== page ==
The first variant of the Canadian Army’s new Armoured Combat Support Vehicle (ACSV) rolled off the production line at General Dynamics Land Systems-Canada in London, Ont., in late December.

“Light Armoured Vehicles (LAV) have protected Canada’s soldiers on missions abroad for over 40 years, and it is a privilege to continue this tradition with the roll-out of this first ACSV variant,” said Jason Monahan, the company’s vice president and general manager, during a virtual event on May 3 to mark the milestone.

The first vehicle – a troop cargo vehicle (TCV) – is one of 360 in eight variants that will be delivered to the Army over the next four years. GDLS-Canada was awarded a contract valued at about $2 billion in August 2019 to build the ACSV based on the LAV 6.0 chassis that provides the backbone of the Army’s combat vehicle fleet.

The eight variants, which are replacing the M113 Tracked Light Armoured Vehicle (TLAV) and the LAV II Bison, include the TCV, ambulance, command post, engineer, electronic warfare, maintenance recovery, mobile repair team, and fitter/cargo vehicle.

When the contract was signed, GDLS-Canada, the Army and the government knew the timelines would be tight (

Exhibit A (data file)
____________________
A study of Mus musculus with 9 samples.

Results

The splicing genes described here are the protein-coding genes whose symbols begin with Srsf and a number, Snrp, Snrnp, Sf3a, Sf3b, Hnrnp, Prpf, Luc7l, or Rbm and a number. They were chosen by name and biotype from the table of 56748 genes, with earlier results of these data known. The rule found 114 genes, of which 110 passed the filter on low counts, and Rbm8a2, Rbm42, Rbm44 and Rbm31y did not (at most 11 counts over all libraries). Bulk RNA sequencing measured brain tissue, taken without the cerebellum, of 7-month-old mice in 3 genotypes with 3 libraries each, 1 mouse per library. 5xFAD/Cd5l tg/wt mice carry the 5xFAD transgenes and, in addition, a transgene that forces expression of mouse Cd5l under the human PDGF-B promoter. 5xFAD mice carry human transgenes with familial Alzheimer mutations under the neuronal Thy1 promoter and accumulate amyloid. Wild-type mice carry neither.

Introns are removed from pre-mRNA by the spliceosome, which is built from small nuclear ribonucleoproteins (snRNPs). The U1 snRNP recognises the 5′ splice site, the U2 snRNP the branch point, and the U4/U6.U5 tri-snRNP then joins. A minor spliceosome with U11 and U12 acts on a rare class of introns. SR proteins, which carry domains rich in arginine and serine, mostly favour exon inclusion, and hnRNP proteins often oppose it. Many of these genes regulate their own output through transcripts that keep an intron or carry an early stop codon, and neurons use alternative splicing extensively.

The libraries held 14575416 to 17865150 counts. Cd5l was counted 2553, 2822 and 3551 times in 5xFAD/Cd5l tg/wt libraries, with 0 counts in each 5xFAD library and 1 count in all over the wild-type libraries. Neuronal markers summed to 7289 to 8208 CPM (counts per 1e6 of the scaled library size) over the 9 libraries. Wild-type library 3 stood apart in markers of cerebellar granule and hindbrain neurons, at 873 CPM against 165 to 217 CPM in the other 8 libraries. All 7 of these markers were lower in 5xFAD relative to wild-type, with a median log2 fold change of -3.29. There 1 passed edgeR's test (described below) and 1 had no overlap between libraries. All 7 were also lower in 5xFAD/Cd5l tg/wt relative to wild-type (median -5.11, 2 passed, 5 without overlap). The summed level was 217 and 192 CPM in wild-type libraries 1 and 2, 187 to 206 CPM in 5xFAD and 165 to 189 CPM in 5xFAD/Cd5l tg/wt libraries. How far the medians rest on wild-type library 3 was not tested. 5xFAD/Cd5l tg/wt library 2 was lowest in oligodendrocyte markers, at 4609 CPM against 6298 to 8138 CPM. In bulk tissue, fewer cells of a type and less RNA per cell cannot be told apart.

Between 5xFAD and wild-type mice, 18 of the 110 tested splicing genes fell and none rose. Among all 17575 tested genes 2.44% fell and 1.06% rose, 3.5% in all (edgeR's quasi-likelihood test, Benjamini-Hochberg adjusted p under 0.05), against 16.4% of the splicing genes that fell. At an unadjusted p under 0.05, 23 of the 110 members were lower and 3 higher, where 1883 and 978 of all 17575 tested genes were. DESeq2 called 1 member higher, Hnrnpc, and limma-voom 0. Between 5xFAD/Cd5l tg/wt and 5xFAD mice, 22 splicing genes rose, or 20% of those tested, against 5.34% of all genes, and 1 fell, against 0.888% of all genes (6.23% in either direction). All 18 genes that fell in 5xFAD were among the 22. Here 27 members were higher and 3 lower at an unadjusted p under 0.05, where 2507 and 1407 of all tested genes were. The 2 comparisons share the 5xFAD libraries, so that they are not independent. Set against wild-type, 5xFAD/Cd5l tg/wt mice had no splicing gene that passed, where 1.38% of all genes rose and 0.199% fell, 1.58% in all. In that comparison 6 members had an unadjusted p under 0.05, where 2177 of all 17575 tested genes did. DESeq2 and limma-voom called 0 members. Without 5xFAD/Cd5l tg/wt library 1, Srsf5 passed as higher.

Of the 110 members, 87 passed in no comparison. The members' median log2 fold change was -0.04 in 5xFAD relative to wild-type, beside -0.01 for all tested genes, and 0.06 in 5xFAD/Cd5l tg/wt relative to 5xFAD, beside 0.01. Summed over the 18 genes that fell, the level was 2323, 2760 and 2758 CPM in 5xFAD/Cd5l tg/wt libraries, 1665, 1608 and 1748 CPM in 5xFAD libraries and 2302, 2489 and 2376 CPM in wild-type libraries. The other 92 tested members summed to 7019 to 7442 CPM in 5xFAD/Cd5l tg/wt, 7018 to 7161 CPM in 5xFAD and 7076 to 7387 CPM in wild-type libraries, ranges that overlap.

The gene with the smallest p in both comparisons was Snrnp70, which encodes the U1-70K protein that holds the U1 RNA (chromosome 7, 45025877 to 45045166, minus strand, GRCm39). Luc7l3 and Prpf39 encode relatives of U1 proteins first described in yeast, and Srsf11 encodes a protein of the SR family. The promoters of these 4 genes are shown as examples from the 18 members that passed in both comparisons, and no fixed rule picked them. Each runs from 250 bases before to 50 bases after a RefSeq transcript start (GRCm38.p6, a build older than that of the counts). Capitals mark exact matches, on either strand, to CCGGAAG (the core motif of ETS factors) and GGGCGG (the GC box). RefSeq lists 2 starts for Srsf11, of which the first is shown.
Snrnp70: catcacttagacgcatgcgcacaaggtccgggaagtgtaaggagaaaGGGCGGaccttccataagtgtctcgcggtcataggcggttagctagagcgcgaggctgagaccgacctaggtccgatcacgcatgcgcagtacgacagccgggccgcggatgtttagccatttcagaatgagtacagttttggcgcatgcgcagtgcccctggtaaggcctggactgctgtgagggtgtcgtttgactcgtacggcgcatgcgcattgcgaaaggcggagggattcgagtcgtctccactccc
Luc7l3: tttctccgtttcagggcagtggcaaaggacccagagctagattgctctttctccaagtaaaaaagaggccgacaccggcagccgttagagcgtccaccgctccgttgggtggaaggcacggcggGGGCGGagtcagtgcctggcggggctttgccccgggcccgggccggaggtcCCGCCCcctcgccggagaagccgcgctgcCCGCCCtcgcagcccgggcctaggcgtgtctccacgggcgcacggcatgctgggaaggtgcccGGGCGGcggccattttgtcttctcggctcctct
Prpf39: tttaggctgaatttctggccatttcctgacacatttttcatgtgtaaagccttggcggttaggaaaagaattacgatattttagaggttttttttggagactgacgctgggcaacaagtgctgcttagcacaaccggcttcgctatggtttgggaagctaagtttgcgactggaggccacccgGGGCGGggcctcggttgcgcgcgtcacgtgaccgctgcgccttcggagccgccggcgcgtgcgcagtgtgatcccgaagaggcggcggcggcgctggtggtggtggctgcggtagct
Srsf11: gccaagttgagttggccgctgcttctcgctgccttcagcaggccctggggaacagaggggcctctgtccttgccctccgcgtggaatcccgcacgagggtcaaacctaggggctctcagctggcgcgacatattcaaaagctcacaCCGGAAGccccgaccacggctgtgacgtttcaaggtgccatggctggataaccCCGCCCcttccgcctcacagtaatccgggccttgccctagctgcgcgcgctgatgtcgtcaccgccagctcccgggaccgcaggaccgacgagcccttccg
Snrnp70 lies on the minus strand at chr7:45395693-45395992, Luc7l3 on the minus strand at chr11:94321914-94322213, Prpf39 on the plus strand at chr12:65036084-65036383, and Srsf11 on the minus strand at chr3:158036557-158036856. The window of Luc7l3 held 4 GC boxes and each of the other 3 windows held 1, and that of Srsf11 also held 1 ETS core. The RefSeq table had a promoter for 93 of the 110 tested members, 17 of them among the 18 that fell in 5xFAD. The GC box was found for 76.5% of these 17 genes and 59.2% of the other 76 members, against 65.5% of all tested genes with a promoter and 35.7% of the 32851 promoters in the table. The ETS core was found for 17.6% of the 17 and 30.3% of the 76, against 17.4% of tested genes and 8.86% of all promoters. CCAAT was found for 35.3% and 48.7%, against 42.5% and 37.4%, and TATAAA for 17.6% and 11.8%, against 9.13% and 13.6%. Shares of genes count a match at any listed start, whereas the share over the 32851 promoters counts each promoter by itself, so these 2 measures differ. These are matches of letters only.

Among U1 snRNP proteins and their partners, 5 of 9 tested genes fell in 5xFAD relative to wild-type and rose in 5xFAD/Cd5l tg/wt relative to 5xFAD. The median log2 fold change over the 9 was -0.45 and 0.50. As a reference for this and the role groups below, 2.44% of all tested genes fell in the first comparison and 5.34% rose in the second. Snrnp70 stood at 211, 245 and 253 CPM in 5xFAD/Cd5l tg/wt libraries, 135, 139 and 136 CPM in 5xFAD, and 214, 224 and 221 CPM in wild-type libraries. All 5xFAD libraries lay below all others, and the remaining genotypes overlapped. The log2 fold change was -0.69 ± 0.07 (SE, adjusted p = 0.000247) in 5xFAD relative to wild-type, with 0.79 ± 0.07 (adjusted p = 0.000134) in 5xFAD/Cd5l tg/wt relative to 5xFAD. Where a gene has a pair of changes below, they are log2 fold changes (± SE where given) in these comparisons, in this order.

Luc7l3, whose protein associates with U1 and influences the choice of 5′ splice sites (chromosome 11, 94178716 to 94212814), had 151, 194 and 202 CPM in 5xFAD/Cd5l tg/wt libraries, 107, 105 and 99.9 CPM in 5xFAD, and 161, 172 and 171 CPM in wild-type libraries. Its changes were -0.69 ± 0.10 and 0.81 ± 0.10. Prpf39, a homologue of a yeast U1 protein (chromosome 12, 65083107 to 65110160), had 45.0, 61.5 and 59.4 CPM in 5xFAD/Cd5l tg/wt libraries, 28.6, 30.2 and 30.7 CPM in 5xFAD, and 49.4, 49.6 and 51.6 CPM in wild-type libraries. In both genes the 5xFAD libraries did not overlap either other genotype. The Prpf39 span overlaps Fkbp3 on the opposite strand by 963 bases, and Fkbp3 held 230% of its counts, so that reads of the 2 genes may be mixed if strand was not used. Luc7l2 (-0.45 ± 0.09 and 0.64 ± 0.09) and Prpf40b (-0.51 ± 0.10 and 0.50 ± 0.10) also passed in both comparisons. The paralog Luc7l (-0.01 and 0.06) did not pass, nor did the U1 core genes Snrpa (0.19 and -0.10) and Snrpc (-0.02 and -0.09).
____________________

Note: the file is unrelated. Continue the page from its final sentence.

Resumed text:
“We knew we would face challenges meeting design and production schedules” even before COVID-19 affected factory operations, said Christa Hammond, the company’s ACSV program manager.

GDLS-Canada and its more than 30 suppliers overcame a number of obstacles, but “we completed this vehicle on schedule despite a global pandemic,” said Monahan. “We are on schedule to complete our first ambulance, the second ACSV variant, by this summer.”

Defence Minister Harjit Sajjan acknowledged the challenge of delivering vehicles despite “incredibly difficult circumstances” created by the pandemic. But he said the improved reliability and protection from weapons and explosives offered by the LAV 6.0 “is so important because they are part of the backbone of our domestic and international military operations.”

Production on the first vehicle began in late summer 2020 and deliveries of all 360 will continue through to February 2025. Testing, training, and procurement of spare parts will be required before the initial vehicles are distributed to Army bases in 2022.